26 October, 2020

CloudStor integration for Galaxy Australia is now live

Life sciences researchers using the Galaxy Australia analysis platform can now easily and securely move their data to and from the AARNet CloudStor research data storage platform.

This new integration is helping to streamline workflows for Australian researchers collaborating nationally and internationally on projects across the sciences and humanities that aim to solve some of the biggest problems facing our planet.

Galaxy Australia is a vital informatics virtual lab that is allowing researchers to analyse biological data without any specialised knowledge of programming or IT. All the computational infrastructure and software the researchers need is set up and ready to go, simplifying the analysis process for thousands of life scientists. It is operated by the Queensland Cyber Infrastructure Foundation and the University of Melbourne’s Melbourne Bioinformatics, utilising the Australian Research Data Commons (ARDC)’s Nectar Research Cloud and Pawsey Supercomputing Centre computational resources.

Galaxy Australia is an active member of the global Galaxy Project community and is supported by Bioplatforms Australia (through the Australian BioCommons initiative), ARDC, the University of Melbourne and the Queensland Government’s Research Infrastructure Co-investment Fund.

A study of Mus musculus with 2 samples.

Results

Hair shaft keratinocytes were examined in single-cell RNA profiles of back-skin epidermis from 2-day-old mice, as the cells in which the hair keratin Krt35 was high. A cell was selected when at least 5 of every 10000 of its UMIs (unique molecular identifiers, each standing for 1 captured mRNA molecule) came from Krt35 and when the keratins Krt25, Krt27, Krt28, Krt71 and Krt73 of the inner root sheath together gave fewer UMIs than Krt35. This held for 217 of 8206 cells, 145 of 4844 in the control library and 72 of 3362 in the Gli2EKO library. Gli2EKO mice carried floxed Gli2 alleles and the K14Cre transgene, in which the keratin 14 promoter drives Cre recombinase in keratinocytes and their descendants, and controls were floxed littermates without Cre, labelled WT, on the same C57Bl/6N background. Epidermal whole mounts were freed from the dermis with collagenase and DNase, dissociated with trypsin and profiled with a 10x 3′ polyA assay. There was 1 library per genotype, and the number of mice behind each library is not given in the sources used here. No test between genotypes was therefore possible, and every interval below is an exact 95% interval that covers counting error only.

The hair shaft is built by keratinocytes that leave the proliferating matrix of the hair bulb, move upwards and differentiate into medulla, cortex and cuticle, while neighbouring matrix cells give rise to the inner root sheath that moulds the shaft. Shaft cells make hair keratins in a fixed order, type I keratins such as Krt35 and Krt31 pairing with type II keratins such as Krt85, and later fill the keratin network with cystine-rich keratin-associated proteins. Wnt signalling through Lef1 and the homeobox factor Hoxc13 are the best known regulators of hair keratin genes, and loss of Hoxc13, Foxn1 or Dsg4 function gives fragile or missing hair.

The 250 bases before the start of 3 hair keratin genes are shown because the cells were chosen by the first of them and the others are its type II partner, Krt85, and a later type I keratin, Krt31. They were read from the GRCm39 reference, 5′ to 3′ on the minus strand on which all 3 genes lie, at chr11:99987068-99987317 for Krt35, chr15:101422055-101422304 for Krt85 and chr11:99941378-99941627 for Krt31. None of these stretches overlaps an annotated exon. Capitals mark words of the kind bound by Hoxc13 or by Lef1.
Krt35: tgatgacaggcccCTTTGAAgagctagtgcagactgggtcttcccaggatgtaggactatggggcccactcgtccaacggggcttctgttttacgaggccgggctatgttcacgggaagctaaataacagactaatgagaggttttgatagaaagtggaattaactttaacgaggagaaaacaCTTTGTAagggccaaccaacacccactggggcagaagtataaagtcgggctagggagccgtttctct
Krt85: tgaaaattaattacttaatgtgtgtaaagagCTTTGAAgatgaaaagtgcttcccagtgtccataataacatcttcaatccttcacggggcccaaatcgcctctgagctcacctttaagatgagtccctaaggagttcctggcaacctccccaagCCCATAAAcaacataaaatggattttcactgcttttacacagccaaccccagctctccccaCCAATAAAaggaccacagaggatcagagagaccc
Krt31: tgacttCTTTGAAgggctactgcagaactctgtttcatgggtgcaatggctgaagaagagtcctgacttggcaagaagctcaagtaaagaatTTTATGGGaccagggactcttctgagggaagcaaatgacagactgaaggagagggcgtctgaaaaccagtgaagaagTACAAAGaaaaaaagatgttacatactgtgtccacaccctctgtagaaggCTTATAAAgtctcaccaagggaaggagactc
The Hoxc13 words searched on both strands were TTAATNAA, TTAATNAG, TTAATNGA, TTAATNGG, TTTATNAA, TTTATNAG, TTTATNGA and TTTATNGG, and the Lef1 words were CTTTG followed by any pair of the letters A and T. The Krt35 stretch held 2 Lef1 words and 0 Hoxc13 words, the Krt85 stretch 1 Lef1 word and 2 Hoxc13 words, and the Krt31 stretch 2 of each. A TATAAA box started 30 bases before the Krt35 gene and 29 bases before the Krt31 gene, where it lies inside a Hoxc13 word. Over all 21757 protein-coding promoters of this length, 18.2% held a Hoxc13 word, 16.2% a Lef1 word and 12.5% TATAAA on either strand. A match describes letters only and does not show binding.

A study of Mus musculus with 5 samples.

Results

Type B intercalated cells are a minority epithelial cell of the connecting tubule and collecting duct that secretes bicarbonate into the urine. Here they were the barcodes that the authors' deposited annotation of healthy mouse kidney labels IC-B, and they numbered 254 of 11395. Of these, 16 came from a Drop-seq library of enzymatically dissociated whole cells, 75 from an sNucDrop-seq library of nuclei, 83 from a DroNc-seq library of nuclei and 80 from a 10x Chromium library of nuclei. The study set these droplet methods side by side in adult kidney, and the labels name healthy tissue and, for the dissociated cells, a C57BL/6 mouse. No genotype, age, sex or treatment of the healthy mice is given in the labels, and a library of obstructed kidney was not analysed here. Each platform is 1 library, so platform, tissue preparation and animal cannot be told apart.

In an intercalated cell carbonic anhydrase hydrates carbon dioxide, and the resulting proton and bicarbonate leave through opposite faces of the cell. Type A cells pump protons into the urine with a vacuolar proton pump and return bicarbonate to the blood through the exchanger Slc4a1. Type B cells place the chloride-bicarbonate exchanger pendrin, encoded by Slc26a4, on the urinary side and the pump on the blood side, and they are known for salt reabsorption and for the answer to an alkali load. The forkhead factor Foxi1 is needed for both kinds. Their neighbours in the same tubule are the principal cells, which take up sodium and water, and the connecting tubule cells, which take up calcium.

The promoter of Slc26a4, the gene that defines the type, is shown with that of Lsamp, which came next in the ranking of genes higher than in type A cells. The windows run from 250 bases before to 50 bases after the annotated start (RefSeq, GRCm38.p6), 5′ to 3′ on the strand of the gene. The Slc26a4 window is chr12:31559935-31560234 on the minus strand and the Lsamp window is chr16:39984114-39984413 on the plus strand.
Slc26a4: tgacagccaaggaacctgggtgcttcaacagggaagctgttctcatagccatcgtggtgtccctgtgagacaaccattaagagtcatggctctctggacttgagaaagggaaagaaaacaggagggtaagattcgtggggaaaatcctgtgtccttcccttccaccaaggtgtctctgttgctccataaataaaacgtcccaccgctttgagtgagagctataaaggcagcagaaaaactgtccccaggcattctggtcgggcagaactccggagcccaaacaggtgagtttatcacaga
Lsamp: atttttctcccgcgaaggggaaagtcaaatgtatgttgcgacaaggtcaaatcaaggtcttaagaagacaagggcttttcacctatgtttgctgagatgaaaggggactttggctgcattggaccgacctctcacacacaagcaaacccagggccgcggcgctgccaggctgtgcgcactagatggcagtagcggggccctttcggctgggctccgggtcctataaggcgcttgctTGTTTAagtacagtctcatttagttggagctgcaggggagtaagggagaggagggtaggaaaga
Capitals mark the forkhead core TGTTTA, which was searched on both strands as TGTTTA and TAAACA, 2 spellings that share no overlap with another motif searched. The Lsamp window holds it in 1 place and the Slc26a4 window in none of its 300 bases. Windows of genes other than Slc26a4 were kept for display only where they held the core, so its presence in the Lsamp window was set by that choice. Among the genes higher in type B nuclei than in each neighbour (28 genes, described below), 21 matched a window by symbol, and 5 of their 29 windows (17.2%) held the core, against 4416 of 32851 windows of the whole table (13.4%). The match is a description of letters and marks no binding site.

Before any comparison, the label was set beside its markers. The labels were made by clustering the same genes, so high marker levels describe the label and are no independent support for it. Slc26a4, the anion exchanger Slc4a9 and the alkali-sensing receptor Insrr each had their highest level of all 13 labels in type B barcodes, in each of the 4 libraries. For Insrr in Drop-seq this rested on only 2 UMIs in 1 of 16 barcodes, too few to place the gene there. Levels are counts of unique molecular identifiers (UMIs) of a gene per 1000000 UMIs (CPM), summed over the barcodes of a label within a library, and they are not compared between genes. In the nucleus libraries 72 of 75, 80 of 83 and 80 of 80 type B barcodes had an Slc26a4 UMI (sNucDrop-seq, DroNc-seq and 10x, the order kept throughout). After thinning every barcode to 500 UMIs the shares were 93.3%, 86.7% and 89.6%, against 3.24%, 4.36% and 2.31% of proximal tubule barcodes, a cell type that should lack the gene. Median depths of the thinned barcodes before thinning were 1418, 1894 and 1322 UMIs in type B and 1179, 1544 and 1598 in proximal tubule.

CloudStor is a cloud research data storage platform developed by AARNet for the Australian research and academic community. It is hosted on the AARNet network and offers integrated applications to support research workflows and allows users to store, share, describe and analyse data safely in one place. Users can access their CloudStor workspace from multiple devices, import data from a variety of sources and easily collaborate on files with colleagues at different institutions. Currently, users from every Australian University and CSIRO have access to a CloudStor allocation.

Dr Frankie Stevens, AARNet’s Deputy Director, eResearch, said an increasing number of life sciences researchers are using both Galaxy Australia and CloudStor for their work.

“The ability to streamline the secure transfer of data between the two platforms was a logical next step. This is a great example of how AARNet is collaborating with the research community to develop tools and services that meet the unique needs of researchers,” she said.

AARNet worked closely with the Galaxy team on the development of the integration under the leadership of Dr Gareth Price, Head of Computational Biology at QFAB and Service Manager at Galaxy Australia.

“Galaxy Australia users have a number of mechanisms to bring data easily into the platform, from their local computer, from websites and from international repositories. However, an important missing route into the platform was the secure transfer of data from CloudStor,” he said.

Now, with the release of the “Import from CloudStor” tool users of Galaxy Australia can apply a simple configuration to their CloudStor storage allocation. This enables them to navigate to their folders and files and import directly into Galaxy. Additionally, a ”Send data to CloudStor” tool allows, within the same web interface, a simple select and click secure transmission of data from Galaxy Australia into CloudStor.

This is a great example of how CloudStor can be integrated with analysis platforms to support research data workflows.